The Federal Reserve's stress tests of major Wall Street firms last week didn't determine how much they can increase dividends and stock buybacks over the next 12 months. But they did produce some good omens for a review due today that does.
All of the institutions met the central bank's minimum capital standards on the first stage of the two-part evaluation, which measured their stability after the past year's payouts if the economy suffered a downturn with unemployment of 10% and a stock-market decline of 50%.
The results indicate the Fed is more likely to approve the firms' dividend and stock-buyback plans during the second stage -- a forward-looking review that measures what their strength would be after the expenses, using the same recession scenario. On a net basis, the median payout ratio may rise to 85% of net earnings from 73% last year for the large banks tracked by Credit Suisse, analyst Susan Roth Katzke said in a note to clients.
Since the Fed reiterated that it would still scrutinize dividend ratios higher than 30% more closely, the mix of announced payouts is likely to favor stock buybacks at the biggest banks, which are still subject to a qualitative review that includes the strength of risk-planning practices, Katzke said.
"This is clearly the Fed's stated preference, given the flexibility afforded by buybacks," she added. Markets typically expect corporations to maintain or increase quarterly dividends once they're announced, while buyback plans give executives the option of spending a specified amount on a company's shares without requiring them to do so.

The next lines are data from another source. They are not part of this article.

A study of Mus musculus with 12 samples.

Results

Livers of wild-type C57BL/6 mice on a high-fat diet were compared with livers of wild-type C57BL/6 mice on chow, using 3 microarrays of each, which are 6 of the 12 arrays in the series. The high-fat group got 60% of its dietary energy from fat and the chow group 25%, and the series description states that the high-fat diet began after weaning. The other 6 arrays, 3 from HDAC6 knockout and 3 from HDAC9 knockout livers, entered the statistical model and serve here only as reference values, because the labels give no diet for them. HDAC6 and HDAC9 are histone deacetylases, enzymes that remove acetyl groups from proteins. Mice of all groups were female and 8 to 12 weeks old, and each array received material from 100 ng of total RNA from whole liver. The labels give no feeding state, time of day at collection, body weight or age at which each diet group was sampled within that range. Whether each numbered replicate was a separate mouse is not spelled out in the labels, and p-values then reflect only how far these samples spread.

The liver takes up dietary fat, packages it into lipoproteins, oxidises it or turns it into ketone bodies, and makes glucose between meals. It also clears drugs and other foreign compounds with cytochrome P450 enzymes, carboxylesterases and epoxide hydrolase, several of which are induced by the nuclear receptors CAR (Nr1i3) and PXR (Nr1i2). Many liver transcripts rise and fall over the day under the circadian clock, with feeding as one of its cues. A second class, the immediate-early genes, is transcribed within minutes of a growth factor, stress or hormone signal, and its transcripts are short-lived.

The yearly reviews were established as the government worked to prevent a repeat of the 2008 financial crisis, when many large banks required billions of dollars in government bailouts. Some had increased their dividends even as defaults mounted in the $15 trillion U.S. mortgage market and analysts and economists counseled caution.
Since then, the banks have worked to improve the quality of their loan portfolios and curb risk factors to convince both regulators and investors of their safety. That, in turn, enables them to return more capital to stockholders rather than keep it on their balance sheets as a buffer against economic shock.
The prospects for this year's payouts have helped push the KBW Bank Index up 1.3% since the Fed reported results on the first round of stress tests on Thursday, June 22 -- a period in which the S&P 500 declined by a small amount.
Goldman has historically not disclosed how large a capital return the Fed approved, Kleinhanzl noted, "so it may be a quarter or two before we see" how the return is progressing.
At Bank of America (BAC) - Get Report , which won approval to boost its dividend 25% to 30 cents a year in 2016, an increase of 14 cents now might prompt Berkshire Hathaway CEO Warren Buffett to convert his $5 billion in preferred stock to common shares.
The preferred stake carries a dividend of $300 million a year and a warrant allowing Berkshire to purchase 700 million shares of common stock, worth $16.7 billion at today's prices, for just $5 billion.
The Omaha, Neb.-based insurer has the option of using its preferred shares as payment, Buffett noted in his February letter to investors, and would probably do so if the dividend reaches 44 cents a year.
That would mean a payout of $308 million annually for Berkshire, outstripping the preferred dividend it receives now.
This article, originally published at 1:07 p.m. on Friday, June 23, 2017, has been updated with market data and investor comment.